Flower shows bring an early spring to big cities
The pier's stately old warehouse suddenly bloomed with azaleas, roses, and crocuses. the main exhibits looked like Broadway productions with indoor water fountains, full Japanese gardens, and monkeys in a tropical setting.
In Philadelphia, a carrousel with topiary cut-outs included a whale and a Pooh Bear. A reproduction of the San Juan Capistrano mission in California, complete with four bells, was decorated with orchids.
These major flower and garden shows have thrived over the years while others across the nation, including those in New York, Seattle, and Chicago, have failed or have sprung up in smaller shows.
The 109-year-old New England Spring Garden and Flower Show in Boston last month drew an all-time record attendance of 130,000. The 66-year-old Philadelphia Flower and Garden Show has drawn more than 200,000 people for the last five years.
Both have remained flower shows alone. In short, they have not gove the route of other cities in which the flower and home shows were combined, with the floral presentation in second place. Home and Garden Show Executives, International, represents 26 shows here and abroad.
The decline in flower shows is attributed to rising costs such as rental of a display hall, labor, admission prices, financial supplements to exhibitors, and capital outlay.
"A show which attracts large crowds needs to be educational, competitive, and display oriented," says Charles D. Webster, president of the Horticultural Society of New York. "To put on a flower show this year, we would need $500,000 in advance capital. Nonprofit organizations such as ours can't afford that. We are in it to break even."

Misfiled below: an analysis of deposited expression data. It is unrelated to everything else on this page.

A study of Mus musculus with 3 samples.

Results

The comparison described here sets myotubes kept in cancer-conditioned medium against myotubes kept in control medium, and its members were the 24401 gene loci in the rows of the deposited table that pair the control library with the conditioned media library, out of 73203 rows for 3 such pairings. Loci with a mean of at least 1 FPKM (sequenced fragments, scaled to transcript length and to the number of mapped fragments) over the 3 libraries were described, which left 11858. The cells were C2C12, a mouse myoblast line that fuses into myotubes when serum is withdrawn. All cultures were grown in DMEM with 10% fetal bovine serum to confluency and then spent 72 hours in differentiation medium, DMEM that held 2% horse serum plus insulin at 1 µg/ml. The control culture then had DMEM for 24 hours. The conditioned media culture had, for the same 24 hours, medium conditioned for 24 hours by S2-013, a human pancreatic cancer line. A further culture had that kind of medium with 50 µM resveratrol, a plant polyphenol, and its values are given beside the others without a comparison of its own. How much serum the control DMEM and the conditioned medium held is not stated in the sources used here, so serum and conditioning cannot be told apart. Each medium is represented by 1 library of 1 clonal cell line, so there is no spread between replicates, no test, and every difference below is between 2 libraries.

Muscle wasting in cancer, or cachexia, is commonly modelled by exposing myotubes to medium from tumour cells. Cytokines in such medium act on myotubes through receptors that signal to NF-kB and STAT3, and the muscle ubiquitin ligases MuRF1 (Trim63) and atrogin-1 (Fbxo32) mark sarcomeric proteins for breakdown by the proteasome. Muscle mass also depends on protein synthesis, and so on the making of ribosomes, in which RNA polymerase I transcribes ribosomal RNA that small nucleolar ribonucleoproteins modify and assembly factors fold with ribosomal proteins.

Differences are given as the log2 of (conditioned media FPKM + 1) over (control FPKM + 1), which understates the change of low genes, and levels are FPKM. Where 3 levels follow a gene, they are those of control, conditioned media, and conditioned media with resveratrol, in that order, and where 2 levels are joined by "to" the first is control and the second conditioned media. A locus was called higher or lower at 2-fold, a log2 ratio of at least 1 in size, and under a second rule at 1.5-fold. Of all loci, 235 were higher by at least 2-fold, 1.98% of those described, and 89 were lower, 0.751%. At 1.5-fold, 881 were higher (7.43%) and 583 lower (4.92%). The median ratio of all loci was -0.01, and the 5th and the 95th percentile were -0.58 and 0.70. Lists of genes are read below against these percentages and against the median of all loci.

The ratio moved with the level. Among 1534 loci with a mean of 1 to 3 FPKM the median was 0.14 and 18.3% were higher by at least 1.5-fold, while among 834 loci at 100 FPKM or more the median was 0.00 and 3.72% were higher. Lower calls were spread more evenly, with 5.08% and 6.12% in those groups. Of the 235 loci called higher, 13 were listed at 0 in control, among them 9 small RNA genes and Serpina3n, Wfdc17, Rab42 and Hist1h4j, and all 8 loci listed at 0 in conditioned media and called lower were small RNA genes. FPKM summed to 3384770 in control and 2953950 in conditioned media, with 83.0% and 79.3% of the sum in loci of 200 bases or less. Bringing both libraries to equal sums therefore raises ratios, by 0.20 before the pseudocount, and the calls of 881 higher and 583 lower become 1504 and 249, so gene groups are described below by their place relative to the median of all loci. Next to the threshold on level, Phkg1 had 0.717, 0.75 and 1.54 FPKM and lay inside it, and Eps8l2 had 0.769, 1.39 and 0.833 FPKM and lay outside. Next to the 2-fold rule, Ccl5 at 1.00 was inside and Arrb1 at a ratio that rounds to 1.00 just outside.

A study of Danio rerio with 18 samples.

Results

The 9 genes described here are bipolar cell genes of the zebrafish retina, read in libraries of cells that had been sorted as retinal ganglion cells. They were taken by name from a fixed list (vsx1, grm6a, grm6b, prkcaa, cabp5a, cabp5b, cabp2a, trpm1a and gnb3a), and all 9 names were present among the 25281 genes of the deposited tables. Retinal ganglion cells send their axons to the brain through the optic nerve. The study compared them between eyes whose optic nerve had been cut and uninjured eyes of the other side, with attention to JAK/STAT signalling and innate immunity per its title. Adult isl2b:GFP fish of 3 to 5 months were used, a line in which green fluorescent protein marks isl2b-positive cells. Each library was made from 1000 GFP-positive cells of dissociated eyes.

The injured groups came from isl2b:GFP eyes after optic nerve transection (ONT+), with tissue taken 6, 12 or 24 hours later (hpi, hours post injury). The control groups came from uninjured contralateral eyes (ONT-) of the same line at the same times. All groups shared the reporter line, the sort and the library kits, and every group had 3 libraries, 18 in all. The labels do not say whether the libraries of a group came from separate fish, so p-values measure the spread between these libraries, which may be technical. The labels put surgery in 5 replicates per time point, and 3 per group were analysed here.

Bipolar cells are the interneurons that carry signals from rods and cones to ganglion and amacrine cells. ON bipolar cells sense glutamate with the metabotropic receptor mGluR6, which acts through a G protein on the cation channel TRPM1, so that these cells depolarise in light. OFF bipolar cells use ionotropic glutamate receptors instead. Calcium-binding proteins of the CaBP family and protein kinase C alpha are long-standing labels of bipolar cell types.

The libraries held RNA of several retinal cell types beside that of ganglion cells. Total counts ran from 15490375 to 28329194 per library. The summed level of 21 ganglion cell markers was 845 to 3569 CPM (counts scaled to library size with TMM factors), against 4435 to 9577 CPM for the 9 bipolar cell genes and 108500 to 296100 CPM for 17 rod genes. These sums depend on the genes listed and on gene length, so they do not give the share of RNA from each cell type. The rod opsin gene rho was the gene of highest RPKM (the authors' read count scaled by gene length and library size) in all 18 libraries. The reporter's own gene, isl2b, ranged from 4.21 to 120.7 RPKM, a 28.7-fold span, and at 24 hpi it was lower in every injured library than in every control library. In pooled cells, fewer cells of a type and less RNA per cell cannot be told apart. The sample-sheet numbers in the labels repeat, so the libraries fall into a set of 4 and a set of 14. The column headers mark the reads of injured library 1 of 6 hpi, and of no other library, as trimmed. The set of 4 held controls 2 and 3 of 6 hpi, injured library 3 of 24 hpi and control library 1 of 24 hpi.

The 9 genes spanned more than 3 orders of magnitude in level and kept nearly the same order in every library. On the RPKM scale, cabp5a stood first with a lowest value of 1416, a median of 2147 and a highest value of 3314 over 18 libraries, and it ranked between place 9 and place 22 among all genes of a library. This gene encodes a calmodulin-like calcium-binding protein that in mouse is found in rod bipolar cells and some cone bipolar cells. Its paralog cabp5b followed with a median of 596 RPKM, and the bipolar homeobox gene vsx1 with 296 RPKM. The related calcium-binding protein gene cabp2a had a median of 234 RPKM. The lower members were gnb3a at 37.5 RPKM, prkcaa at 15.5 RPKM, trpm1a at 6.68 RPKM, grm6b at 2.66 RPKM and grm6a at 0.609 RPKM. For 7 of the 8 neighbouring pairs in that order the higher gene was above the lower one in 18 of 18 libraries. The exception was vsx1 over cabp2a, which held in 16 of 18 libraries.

New York, which has by-passed its big show, had nearly 350,000 visitors in its prime. It still sponsors one-of-a-kind flower shows, as does Seattle, featuring everything from African violets to rhododendrons.
Chicago has a new botanical garden building and a 300-acre development where smaller shows are held throughout the year. but it is the big shows that explode the color and drama of large-scale exhibitions. The big shows let nurseries show their talent and imagination.
Earlier in the century, masses of cut flowers were brought in from the large estates. Now, nurseries put on the bigger displays, although garden clubs, school horticulture departments, and even amateur green-thumb exhibitors contribute as well and compete for prizes.
"In the old days, the shows were not so practical," says William J. Thompson, designer of the Boston show and horticulturist for the sponsoring Massachusetts Horticultural Society. "The estates would try to cram in as many cut flowwers as they could.
"Now, we only have a few estates with exhibits, but the nurseries are putting on their own displays. This year we had a full vegetable garden ready to harvest.
"The era of foliage plants is on the downturn," Mr. Thompson says, citing a trend toward flowering plants. "Last year, we had seven tropical exhibits; this year we had two or three." Philadelphia, however, is sticking to foliage displays.
Instron Corporation of Canton. MAss., became the first nonhorticultural company to put on a garden display in the New England show. Mr. Thompson says he hopes it will start a trend among companies to take the place of the large estates in the future.
Amateurs are encouraged to exhibit home-grown plants and flowers in most shows.
Colleges and high schools also contribute.